Considered one of the best known gymnasts in the world, Comăneci was the first Olympic gymnast to score a perfect 10 and leave her indelible mark on the history of the Games.
Born in Onești, Romania, Comăneci became a naturalized citizen of the United States in 2001. She has also retained her Romanian passport, making her a dual citizen.
Her illustrious career as a gymnast reached worldwide fame during the 1976 Olympics in Montreal, Canada, when Comăneci, who was just 14 years old at the time, earned seven perfect tens, three gold medals, one bronze and one silver medal. In one week, she appeared on the covers of TIME, Newsweek and Sports Illustrated. Comăneci went on to earn two more gold medals and two silver medals in the 1980 Moscow Olympics. In 1996, she was inducted into the International Gymnastics Hall of Fame. Comăneci received the Olympic Order, the highest award given by the International Olympic Committee, in 1984 and 2004. She is the only person to receive this honor twice, and was also the youngest recipient. In 1999, she became the first athlete to be invited to speak at the United Nations to launch the Year 2000 International Year of Volunteers.
In April 1996, Comăneci married American Olympic Champion Bart Conner in a Romanian state ceremony broadcasted live in her native country. In 1999, she was honored by ABC News and Ladies' Home Journal as one of the 100 Most Important Women of the 20th Century. In December of 2003, Comăneci wrote a book called “Letters to a Young Gymnast,” detailing her inspirational story.
Comăneci now divides her time among appearances, commercial endorsements for major companies, speaking engagements and charity events. Currently, Nadia and Bart are business partners with their manager, Paul Ziert, in the Bart Conner Gymnastics Academy, International Gymnast magazine, Perfect 10 Productions, Inc. (a TV production company) and Grips, Etc. (a gymnastics supply company).
Comăneci, who is also fluent in French and English, continues to travel the world with her various interests. Her charity work is extensive. She is a member of the Board of Directors of Special Olympics International and a Vice President of the Muscular Dystrophy Association. Comăneci also serves as a member of the board of the Laureus Sports for Good Foundation. She travels to Romania often to support dozens of charities in her homeland.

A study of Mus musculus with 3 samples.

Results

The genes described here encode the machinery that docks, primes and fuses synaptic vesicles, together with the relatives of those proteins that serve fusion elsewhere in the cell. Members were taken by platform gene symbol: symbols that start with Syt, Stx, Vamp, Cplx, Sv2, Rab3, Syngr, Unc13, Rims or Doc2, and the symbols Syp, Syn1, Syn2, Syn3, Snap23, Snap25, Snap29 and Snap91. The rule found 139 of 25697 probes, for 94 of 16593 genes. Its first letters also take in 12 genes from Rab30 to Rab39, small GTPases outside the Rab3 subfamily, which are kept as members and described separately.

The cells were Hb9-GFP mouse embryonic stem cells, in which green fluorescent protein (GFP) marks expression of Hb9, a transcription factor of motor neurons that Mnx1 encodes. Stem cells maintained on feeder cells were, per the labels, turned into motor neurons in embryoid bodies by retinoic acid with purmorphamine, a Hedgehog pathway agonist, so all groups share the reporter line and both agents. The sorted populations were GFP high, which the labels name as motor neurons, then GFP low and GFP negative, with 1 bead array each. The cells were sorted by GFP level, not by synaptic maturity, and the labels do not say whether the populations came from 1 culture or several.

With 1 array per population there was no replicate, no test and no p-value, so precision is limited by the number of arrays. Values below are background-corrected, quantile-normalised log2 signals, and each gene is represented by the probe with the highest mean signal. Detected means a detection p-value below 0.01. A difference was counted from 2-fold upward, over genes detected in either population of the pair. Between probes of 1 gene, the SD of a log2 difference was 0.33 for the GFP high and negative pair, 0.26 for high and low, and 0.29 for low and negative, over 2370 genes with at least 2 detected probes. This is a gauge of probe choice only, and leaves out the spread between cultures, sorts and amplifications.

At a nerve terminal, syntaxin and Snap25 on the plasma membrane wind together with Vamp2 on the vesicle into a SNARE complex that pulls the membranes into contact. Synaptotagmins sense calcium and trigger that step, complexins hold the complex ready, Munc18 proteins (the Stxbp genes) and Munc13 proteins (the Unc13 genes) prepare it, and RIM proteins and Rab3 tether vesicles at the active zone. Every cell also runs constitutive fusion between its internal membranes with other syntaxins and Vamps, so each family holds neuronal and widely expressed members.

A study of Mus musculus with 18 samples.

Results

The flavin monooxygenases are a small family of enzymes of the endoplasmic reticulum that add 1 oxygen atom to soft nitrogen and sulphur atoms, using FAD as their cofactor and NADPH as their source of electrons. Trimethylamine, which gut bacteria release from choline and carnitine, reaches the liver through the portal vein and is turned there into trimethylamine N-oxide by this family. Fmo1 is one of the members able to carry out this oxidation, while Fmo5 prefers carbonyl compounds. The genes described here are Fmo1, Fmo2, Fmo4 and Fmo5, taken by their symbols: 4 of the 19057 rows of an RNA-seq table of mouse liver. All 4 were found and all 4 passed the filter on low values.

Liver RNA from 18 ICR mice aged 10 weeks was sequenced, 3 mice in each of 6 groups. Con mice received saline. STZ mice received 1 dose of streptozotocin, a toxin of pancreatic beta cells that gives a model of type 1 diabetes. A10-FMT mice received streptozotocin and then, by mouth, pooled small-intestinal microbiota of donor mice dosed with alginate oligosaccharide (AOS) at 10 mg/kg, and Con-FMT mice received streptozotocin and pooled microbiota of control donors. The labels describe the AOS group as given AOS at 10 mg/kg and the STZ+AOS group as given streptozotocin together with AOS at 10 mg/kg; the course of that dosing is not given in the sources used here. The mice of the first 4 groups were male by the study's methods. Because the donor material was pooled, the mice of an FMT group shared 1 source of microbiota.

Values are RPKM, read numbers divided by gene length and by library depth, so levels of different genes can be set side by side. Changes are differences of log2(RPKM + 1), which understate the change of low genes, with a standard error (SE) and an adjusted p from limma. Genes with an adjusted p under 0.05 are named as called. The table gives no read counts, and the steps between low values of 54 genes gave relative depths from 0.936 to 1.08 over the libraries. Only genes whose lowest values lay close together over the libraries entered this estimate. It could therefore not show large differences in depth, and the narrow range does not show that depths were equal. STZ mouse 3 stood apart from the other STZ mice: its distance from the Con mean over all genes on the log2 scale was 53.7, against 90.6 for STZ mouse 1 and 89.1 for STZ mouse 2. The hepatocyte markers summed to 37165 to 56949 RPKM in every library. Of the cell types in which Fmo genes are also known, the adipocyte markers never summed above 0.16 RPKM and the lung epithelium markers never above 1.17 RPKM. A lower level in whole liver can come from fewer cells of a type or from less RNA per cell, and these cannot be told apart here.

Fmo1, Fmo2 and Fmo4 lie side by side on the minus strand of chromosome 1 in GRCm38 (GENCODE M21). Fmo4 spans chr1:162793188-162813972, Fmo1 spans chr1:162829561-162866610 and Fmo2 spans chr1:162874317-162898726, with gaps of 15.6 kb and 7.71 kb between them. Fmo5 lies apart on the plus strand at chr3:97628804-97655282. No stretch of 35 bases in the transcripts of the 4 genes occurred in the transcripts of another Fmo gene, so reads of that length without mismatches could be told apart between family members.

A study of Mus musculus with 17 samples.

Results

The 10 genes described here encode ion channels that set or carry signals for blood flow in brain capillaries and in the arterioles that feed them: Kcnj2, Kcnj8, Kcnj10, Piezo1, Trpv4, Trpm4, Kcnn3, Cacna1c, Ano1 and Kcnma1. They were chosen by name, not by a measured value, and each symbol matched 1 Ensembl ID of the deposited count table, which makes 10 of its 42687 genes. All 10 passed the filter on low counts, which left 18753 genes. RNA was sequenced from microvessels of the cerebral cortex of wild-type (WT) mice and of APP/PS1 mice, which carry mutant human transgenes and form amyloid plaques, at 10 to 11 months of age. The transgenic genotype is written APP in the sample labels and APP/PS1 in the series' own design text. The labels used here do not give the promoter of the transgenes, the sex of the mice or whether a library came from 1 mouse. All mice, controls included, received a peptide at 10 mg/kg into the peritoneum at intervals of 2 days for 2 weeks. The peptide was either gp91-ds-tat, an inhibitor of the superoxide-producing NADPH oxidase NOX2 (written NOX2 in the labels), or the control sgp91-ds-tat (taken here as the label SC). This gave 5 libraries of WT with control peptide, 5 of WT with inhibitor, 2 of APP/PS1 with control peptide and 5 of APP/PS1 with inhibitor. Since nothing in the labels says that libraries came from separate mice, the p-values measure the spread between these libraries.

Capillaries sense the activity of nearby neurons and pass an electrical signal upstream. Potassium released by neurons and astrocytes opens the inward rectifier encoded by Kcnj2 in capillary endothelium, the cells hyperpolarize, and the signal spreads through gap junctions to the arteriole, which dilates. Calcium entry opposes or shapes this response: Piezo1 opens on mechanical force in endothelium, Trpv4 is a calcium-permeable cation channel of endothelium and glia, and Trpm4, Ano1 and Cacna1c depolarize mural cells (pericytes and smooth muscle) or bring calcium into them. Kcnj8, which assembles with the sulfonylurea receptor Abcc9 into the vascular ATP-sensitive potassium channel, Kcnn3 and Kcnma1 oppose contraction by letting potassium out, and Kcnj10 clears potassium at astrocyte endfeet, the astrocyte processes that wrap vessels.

Conner and Comăneci have a son, Dylan Paul Conner.
“For me, one of the greatest aspects of being a citizen of the United States is that I am allowed and in fact encouraged to cherish and celebrate my Romanian heritage as well,” said Comăneci.
“Every July 4th, we celebrate the birth of American independence and the legacy of Thomas Jefferson with the naturalization ceremony on the West Lawn of Monticello,” said Leslie Greene Bowman, president and CEO of the Thomas Jefferson Foundation. “Nadia Comăneci is not only one of the most honored Olympians, she is also a naturalized citizen. We are delighted that Ms. Comăneci will share her thoughts with our newest American citizens, who embody the global spirit of Independence Day. Jefferson envisioned that the ideals expressed in of the Declaration of Independence would spread beyond our shores when he wrote in 1795: “This ball of liberty…is now so well in motion that it will roll round the world.”
Last year’s featured speaker at Monticello on July 4 was Muhtar Kent, Chairman of the Board and Chief Executive Officer of The Coca-Cola Company.
This July 4th will mark the 236th anniversary of American independence. Jefferson, the principal author of the Declaration of Independence, died at Monticello on the 50th anniversary, July 4, 1826.
Since 1963, more than 3,000 individuals have been sworn in as American citizens on Independence Day at Monticello in proceedings presided over by the U.S. District Court, Western District of Virginia.
The event at the home of Thomas Jefferson begins at 9 a.m. and is open to the public free of charge. ###
About Monticello Thomas Jefferson Foundation was incorporated in 1923 to preserve Monticello, the home of Thomas Jefferson in Charlottesville, Virginia. Monticello is now recognized as a National Historic Landmark and a United Nations World Heritage Site. As a private, nonprofit organization, the Foundation receives no regular federal or state budget support for its twofold mission of preservation and education. About 450,000 people visit Monticello each year. For information, visit www.monticello.org.